Thursday, February 19, 2004

Introducing ThePlaceWhereWeLive Tourist Attraction R e v i e w s

(Last Post from the West Coast!)


Like screws in search of giant red magnets, we all, at one time or another, wander the map looking for stuff to do. Maybe that's why they call them tourist attractions. The term captures the "if we market it, you will come" mentality that permeates the travel industry.

ThePlaceWhereWeLive's Tourist Attraction Reviews, introduced today, will help you figure out who stinks and who smells nice. Does the attraction exist to suck the wallet out of your pants (which, granted, you might be inclined to enjoy), or might the attraction be an overlooked gem steeped in rich history, intrinsic
value, or wacky motives that somehow work?

You need to know. We will tell you (on a completely haphazard schedule). We will award attractions a self-explanatory OK-GO! or Lame-O! rating. In rare instances, a tourist site may be designated A-Gem-O! in which case you should log off and get packing.



From their website: "Ascend two and a half miles to a pristine wilderness aboard the World's Largest Rotating Tramcars."

Some reasons why Palm Springs Aerial Tramway has been deemed OK-GO!

1. It grew out of a local guy's wacky dream for the public good. The tram was built because Francis F. Crocker thought it would be a cool idea, literally, if he could ride out of the hot desert and up onto the snow-capped Mt. San Jacinto on a blistering summer day.

Crocker dreamed this in 1935, and he held tenaciously to his vision until he rode on the tram's inaugural trip in September 1963.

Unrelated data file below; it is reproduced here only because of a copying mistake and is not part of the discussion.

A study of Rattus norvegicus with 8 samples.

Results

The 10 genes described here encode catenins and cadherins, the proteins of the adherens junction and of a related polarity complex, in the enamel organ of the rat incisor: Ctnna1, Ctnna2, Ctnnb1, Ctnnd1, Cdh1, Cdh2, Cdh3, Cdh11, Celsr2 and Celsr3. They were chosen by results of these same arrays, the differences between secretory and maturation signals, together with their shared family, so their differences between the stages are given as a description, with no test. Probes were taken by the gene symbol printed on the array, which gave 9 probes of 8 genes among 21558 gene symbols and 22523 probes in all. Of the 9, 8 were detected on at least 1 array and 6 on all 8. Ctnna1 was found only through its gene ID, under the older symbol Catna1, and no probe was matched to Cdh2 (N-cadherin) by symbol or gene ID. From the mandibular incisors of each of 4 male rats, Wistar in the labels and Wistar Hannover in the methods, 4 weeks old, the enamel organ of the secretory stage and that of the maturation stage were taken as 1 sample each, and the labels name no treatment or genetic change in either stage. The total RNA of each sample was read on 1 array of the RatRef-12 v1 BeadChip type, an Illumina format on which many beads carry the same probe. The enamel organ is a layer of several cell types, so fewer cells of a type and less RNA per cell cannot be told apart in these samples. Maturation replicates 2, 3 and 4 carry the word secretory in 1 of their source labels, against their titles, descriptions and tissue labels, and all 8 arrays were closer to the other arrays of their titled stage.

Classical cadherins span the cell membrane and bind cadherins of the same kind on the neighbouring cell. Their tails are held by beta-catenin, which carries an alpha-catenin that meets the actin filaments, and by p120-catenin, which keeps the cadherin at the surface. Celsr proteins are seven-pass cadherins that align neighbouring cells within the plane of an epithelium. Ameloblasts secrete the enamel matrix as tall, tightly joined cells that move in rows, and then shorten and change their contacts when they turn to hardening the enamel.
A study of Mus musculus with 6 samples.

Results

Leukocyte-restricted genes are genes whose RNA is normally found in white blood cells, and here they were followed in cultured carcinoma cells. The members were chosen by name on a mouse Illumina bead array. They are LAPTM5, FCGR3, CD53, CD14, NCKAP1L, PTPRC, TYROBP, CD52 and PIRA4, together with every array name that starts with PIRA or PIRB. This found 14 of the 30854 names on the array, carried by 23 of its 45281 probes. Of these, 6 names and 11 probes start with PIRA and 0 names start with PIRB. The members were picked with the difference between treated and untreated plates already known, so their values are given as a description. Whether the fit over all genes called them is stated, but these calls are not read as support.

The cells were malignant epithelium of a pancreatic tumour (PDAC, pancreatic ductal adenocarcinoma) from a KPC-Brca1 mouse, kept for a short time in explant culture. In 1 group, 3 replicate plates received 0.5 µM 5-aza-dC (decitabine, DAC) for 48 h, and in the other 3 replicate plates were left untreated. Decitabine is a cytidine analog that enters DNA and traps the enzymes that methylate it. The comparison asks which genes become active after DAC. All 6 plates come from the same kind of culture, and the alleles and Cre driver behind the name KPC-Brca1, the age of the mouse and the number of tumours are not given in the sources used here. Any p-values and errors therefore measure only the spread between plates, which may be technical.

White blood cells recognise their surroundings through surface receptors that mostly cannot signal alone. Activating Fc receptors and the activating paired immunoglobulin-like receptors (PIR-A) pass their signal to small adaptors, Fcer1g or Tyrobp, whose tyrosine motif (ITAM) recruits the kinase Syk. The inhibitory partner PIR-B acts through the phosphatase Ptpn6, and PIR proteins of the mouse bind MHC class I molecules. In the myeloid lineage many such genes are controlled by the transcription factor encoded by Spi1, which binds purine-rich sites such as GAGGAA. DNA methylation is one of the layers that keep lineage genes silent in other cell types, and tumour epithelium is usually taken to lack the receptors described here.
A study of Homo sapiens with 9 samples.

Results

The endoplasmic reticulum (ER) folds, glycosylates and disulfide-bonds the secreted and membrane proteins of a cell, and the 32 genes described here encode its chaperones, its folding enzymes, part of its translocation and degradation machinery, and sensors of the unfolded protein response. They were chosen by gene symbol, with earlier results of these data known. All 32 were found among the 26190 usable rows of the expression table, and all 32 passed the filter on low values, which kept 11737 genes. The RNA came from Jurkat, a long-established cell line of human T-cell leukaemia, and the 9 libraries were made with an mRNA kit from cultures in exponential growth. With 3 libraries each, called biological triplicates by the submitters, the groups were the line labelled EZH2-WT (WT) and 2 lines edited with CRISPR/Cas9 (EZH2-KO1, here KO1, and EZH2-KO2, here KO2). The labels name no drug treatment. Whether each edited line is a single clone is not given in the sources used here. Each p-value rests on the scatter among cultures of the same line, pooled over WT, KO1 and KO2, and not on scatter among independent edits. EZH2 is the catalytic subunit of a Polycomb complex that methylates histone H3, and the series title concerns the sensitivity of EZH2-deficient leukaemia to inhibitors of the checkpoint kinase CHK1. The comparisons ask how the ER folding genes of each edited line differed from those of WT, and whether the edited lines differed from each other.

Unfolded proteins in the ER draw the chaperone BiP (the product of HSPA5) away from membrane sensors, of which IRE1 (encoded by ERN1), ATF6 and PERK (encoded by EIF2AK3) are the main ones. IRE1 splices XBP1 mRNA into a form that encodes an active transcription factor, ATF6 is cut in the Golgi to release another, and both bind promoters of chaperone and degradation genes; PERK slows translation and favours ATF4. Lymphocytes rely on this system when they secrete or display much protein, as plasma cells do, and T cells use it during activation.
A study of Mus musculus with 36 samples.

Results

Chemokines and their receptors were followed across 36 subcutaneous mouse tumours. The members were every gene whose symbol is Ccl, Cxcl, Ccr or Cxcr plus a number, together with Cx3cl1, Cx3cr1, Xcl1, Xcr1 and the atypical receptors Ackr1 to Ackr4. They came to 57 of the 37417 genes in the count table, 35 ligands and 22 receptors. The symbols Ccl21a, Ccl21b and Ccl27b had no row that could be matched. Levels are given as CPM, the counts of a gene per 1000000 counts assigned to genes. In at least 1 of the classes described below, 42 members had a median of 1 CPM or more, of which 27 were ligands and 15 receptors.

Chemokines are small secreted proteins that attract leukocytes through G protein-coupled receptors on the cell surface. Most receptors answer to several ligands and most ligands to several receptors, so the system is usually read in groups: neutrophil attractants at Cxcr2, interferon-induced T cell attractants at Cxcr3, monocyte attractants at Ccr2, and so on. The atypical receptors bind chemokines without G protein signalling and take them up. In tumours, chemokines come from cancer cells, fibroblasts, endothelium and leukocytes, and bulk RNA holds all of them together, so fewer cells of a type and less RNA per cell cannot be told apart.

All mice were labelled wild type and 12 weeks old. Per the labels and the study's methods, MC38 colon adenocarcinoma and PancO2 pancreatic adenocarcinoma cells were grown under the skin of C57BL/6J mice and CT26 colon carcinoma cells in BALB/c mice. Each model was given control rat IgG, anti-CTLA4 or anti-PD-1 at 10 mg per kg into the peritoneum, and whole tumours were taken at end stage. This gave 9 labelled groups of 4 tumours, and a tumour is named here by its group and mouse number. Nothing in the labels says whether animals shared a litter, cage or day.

2. Profit never motivated Crocker. To this day the Tramway remains a non-profit organization operating as a public corporation of the State of California.

Because the tram needs to maintain financial self-sufficiency, it does have commerical aspects to it. I counted two gift shops, two cafes and a fancy restaurant designed to "attract" people to the mountain. They also took our photo at the bottom of the mountain in order to sell it to us at the top. Plus, admission fees weren't cheap ($20 adult, $14 child).

However, the place felt down-to-earth like other national or state parks we've visited. I could not detect any ersatz ploy by an offsite corporate marketing department. It felt like a state park facility, which we consider a compliment.

3. Only audacious engineering can shimmy two tramcars up and
down a mountainside, and the tramway organization acknowledges this accomplishment.

They document the technology for the public and try to teach about its challenges. For example, they carved a big window in the top mountain station so you can watch the massive concrete counterweight rise up and down as the tramcars slide along the cables. Or, before boarding, you can feel one of the steel cables they use to hoist the tram cars. They're the width of a shower rod but four kabillion times stronger.

4. As a result of building the tram, Crocker and his accomplices created a
13,000-acre public park on the top of the mountain called Mt. San Jacinto State Park and Wilderness Area.
It's the real deal with hiking trails, beautiful vistas, and friendly rangers. Thus, the "attraction" brings you to a destination with intrinsic value -- a stunning nature preserve that you otherwise could never have reached.

5. You enjoy splendid views on your way up and down in the tram car, and
you pass more than 8,000 feet of rocky mountainside, giving the ride intrinsic value, too.

6. As the brochure reports, Palm Spring's tram is the largest rotating tramcar in the world. That ain't nothin.